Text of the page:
Change of Life (1966)

Directed by Paulo Rocha; Written by Paulo Rocha and Antónia Reis

“Hard times in the city
In a hard town by the sea
Ain’t nowhere to run to
There ain’t nothin’ here for free”

Randy Newman hadn’t ever set foot in Baltimore before writing the eponymous song about the city, and it drew some perhaps well-justified ire from the locals. The image of despondent city-dwellers holding themselves in face of a doom they sense but cannot fathom is not a good look, yet it stuck around until The Wire could put it on television. 

Baltimore, or the idea of Baltimore, isn’t unique however, and Paulo Rocha’s Change of Life is proof. Set in Portugal, it stars Geraldo Del Rey as Andelino, who returns after some years away fighting in Angola, only to find his imagined future dashed. His sweetheart has married his brother in his absence, and two children now run around the home he thought would be theirs to share. Worse yet, an injury prohibits him from getting work in a coastal town where it’s either fishing or hauling sand for the industry to use – both backbreaking endeavours for even a healthy man. 

But his struggle isn’t just his own, as both industries are struggling. The hard times are etched in every face and the topic of every conversation. Not only that, the ocean is rising to literally swallow the little town up, as ruins of homes along the shoreline will attest. Even if Change of Life had been shot in color, life would still be black-and-white. As the sand of time seems to be running out, Andelino comes across a woman hellbent on making it out.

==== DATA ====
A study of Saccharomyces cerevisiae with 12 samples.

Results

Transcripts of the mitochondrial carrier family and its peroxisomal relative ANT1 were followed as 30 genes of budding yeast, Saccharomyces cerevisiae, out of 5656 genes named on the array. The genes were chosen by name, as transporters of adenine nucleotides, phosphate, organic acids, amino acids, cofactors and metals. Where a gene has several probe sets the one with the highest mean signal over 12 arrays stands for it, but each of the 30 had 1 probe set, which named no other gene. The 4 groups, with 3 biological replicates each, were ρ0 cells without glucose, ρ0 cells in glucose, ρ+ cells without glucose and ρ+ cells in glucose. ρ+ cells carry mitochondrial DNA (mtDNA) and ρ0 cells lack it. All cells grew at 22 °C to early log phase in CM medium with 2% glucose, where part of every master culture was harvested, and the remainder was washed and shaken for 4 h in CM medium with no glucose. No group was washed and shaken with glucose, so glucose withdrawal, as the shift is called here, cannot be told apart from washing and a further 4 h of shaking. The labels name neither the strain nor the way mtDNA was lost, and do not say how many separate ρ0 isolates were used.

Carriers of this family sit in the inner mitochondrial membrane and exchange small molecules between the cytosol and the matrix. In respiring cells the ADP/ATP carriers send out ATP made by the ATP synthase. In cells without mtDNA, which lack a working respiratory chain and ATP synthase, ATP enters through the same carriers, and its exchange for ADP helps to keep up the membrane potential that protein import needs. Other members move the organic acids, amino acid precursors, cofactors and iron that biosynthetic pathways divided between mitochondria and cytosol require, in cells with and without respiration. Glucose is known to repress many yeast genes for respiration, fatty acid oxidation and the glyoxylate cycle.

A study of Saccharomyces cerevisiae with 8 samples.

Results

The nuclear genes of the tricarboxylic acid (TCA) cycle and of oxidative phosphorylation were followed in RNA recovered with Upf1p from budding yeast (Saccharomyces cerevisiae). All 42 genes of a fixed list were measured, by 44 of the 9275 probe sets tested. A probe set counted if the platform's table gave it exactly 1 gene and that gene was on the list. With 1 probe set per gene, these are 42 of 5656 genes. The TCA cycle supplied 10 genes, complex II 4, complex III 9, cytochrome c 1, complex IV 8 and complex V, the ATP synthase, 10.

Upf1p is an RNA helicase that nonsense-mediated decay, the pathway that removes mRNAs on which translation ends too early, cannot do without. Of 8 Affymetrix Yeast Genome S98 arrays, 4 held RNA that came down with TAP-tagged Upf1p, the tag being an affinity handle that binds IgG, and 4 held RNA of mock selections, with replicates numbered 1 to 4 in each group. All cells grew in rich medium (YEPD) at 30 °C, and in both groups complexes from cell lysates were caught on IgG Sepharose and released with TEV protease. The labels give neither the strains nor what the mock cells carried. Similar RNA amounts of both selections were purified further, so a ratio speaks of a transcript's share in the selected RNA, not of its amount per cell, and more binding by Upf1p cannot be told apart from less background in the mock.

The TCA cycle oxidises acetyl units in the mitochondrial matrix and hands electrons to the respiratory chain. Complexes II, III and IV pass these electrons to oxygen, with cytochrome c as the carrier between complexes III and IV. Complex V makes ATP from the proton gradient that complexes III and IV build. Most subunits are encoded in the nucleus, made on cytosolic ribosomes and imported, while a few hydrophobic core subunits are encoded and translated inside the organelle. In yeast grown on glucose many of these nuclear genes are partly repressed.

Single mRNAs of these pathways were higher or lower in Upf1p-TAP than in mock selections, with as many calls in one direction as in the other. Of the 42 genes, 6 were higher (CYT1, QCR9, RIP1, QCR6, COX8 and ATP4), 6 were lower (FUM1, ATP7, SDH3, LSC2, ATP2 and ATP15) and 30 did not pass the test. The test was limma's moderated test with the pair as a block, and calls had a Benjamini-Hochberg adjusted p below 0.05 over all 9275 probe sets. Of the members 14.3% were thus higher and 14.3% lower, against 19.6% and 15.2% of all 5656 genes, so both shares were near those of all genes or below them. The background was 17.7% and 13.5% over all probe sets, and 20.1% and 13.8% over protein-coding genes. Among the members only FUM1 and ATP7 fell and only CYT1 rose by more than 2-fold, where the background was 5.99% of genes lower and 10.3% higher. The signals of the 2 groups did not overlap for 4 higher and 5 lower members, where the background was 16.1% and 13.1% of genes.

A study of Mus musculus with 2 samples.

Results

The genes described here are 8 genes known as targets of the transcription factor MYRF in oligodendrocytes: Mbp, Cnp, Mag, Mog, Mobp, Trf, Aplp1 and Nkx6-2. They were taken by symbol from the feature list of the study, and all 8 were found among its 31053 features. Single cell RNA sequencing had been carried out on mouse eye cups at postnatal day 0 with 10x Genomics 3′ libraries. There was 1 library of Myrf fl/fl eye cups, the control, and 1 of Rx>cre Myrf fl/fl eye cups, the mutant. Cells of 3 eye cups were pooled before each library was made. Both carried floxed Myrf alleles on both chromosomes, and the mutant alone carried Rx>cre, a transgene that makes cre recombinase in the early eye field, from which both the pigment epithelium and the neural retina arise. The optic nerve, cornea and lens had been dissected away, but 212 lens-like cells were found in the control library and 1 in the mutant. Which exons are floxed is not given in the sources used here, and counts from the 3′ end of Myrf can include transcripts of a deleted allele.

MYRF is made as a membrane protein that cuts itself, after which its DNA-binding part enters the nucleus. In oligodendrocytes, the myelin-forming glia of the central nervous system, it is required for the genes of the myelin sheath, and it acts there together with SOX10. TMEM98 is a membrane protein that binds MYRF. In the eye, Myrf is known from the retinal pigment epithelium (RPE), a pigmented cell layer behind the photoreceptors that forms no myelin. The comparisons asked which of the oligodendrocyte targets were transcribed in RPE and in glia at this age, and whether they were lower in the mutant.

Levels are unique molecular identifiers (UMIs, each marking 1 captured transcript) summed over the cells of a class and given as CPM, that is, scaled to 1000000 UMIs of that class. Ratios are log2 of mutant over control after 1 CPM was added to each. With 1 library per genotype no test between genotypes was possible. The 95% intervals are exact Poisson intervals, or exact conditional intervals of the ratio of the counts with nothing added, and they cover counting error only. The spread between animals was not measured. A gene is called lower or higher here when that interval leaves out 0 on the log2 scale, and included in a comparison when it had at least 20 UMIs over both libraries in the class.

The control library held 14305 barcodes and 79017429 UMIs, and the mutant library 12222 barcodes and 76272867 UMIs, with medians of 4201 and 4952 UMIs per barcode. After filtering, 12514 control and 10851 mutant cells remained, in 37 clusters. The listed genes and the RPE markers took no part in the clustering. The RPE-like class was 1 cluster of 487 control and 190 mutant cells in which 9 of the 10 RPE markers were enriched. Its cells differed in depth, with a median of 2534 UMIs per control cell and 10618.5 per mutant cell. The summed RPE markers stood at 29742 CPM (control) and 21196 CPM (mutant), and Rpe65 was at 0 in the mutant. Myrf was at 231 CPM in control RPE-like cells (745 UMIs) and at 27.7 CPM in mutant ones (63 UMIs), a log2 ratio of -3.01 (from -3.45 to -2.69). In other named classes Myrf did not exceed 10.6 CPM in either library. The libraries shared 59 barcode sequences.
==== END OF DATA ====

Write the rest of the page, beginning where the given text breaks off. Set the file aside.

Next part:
Wistful without the tears, Change of Life is a hard look at life heading towards the inevitable, as people trapped in its misery comfort each other in face of likely tragedy, because what else is there really to do? As tough as the people in it, Rocha’s film thankfully never stoops to melodrama, facing hardship head on and with a vigour that reflects its characters’ attitude there’s no time to fear when one has to work this hard. 

Shooting scenes of hard labour with exacting indulgence, Rocha cuts from the heave-ho of oars carrying fisher boats out to sea to the anguished faces of men struggling under the weight of pulling them, and any moment of repose to let workers rest is just so their brows can settle in a worried frown over how it will all work out. Life here isn’t just said to be hard, Rocha shows how hard it is. 

It’s this commitment to a fulfilling portrayal of coastal life that sustains Change of Life past the initial depression, watching Andelino see his prospects dashed and later snuffed out. Rocha paints pictures of this little town and provides a wider human context that refuses to let Andelino’s misfortune become a self-centered tragedy, as a broken heart pales next to the decaying community.

In its cast, Change of Life has the fire within that justifies the resilience of these people in embattled circumstances. Geraldo Del Rey has the same handsome allure of Alain Delon, but where Delon’s eyes seemed to see past the world, fixed on some great transcendent tragedy, Del Rey stares at life, pins it down, and begs meaning from it all. It’s a fraying nerve that makes all the difference, because otherwise, Change of Life is a defeatist slog rather than a resilient ode to working class pragmatism and hope for better. 

A lean film with all its flavor in its clear-eyed humanism, Change of Life strikes a strong note and frequency that doesn’t reverberate loudly, but has a pure and ringing emphasis on the misfortune of one man and society at large.